Rehabilitation of a Yogi: Desire, Alexander McQueen, and Patience

June 14, 2011 § 1 Comment

The Alexander McQueen exhibit stirs up emotions via the senses of sight, sound and touch (don’t touch the exhibits, but ooh those feathers look so soft, and the leather, and the chains).  Taste and smell are less obviously involved, but to me the exhibit is like a spicy Mexican hot chocolate: thick and dark, bitter and sweet, with a strong jolt of spice.


The show inspires longing, craving, stirs up the quintessential human elements of desire.  To see, to know, to own, to understand, to possess – the gown, the headpiece, the model, the designer.  McQueen’s vision is full of sensuality, romance and power dynamics.

“I really care about a woman’s independence. I don’t like her to look so naive and so fragile. I like her to look stronger. If a man goes up to her, he has to have balls to go up to her. I don’ t like her to be taken advantage of.” – Alexander McQueen

Wearing an Alexander McQueen dress is a trip.  The gown itself is thin and fragile, but once in place it feels like body armor.  The silk drapes, tightens, holds, cinches and caresses in all the right places.  It’s magic.  And I would guess that any woman feels powerful, centered in her femininity, strong and confident when confronted with such obvious delight, respect and care for her curves, softness and resilience.

Experiencing a moment of true bliss, – be it in a perfect outfit, perfect day at the beach, or a hand that molds perfectly to one’s waist, – there’s the moment itself, a perfect sparking bauble.  And then there’s the tug of wanting to stay in it, to hold on, to grasp, to hold.  It’s human, this tendency, not a reason to get angry or upset at yourself.  The moment passes and a week later one looks back and remembers how glorious it felt, and there’s the desire again.  I want to go back there.  I want to be back there in the past, in that moment when I felt the bliss.  Impermanent is our blessing and our curse, our joy and our sorrow.  The pain, it passes.  The pleasure, it also passes.  What’s left is desire, wanting to hold on, or go back, or go forward, away from what is happening right now.  If I notice this clenching in the belly, I can breathe into it, I can gently lay down the story (sometimes) and stay with the feeling for as long as it’s there.  It takes patience to stay with that’s happening.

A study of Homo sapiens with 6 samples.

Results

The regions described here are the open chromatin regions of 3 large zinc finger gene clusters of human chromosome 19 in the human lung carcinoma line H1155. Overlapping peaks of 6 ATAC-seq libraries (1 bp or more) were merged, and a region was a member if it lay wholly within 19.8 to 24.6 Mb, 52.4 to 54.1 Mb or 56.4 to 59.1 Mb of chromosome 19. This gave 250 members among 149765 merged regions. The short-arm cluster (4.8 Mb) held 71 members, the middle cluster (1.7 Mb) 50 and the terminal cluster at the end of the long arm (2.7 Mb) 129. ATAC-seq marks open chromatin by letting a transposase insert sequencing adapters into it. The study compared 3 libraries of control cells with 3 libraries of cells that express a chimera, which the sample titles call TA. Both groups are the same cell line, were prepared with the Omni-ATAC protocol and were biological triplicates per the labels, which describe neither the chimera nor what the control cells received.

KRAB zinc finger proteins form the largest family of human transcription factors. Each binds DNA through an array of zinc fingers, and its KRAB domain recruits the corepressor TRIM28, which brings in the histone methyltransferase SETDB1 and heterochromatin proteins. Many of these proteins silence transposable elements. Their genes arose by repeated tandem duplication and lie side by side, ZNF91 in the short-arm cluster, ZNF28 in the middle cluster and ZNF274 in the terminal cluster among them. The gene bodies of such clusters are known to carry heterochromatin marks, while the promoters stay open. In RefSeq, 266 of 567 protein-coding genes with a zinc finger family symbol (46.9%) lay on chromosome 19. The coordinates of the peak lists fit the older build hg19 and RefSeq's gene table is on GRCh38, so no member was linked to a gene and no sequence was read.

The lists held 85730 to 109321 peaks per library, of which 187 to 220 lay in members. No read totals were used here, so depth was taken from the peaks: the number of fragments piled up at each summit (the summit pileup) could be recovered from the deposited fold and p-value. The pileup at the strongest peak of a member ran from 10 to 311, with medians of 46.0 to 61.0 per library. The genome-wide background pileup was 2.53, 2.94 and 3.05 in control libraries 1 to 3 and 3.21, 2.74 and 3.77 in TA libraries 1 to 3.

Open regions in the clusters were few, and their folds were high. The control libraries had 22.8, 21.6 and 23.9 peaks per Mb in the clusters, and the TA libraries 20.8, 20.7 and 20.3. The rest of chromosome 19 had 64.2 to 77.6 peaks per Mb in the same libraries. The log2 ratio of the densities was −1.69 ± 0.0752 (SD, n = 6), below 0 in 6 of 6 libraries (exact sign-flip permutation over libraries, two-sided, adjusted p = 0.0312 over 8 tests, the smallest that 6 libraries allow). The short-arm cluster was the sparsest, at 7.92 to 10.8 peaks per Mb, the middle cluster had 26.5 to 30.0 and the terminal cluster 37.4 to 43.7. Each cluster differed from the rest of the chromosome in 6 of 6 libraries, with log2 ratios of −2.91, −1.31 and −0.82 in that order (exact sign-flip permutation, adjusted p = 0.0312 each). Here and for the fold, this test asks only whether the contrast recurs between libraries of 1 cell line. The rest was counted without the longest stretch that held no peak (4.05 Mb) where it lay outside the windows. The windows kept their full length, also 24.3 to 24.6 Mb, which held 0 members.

Patience means more than waiting.  It means developing a cheerful attitude, cultivating contentment within the current situation.  Although the current circumstances may not be the imagined ideal, may not be the fantasy, may not look like “what I want,” – nonetheless the present is perfectly workable, perfectly wonderful, and fully truly real.  There is nothing else.  Really.  Everything else is just… thinking.  I can notice the thought and watch it float away.

“I wish it wasn’t raining.” Thinking.

“I’m so glad it’s raining.  I hope tomorrow is cooler than yesterday.” Thinking.

“I’m such a loser for being home alone on a Saturday night.” Thinking.

“I’m so cool for following my instincts and staying home on this Saturday night to take care of my finances, emotions, and chores.  Maybe next weekend I can go out.  Or maybe next weekend I’ll stay home again.  I wish X would call me.  I miss him.  When will I see him again?”  Thinking.

“My tummy hurts.  Why did I eat all that pizza today?  What an idiot!”  Thinking.

“Tomorrow I’m going to eat healthy and do a lengthy intense yoga asana practice.  That will feel great.”  Thinking.

“The ice cream was really a bad call.  Why didn’t I have a salad like I wanted?  I need to listen to myself better to provide nutritionally balanced fuel for my body.  When I eat pizza and ice cream for lunch, and then for dinner, I feel crappy.  Tomorrow I’m going to do better.”  Thinking.

Desire pulls me out of myself into the infinite universe of possibilities.  The breath patiently brings me back to the Now.  The present moment is where those possibilities have a chance of being realized.  Desire and patience are tragic romantic partners.  Like the electron spinning around the nucleus of the atom, desire is dancing with patience.  They are inseparable, miserable and ecstatic in their delicious swirling torment.

All photos courtesy of Olga Timofeyev.

rehab_logoRehabilitation of a Yogi is the story of my quest to find contentment with reality and embrace self care.

Contact me with questions.

This article was originally published at The Interdependence Project Blog.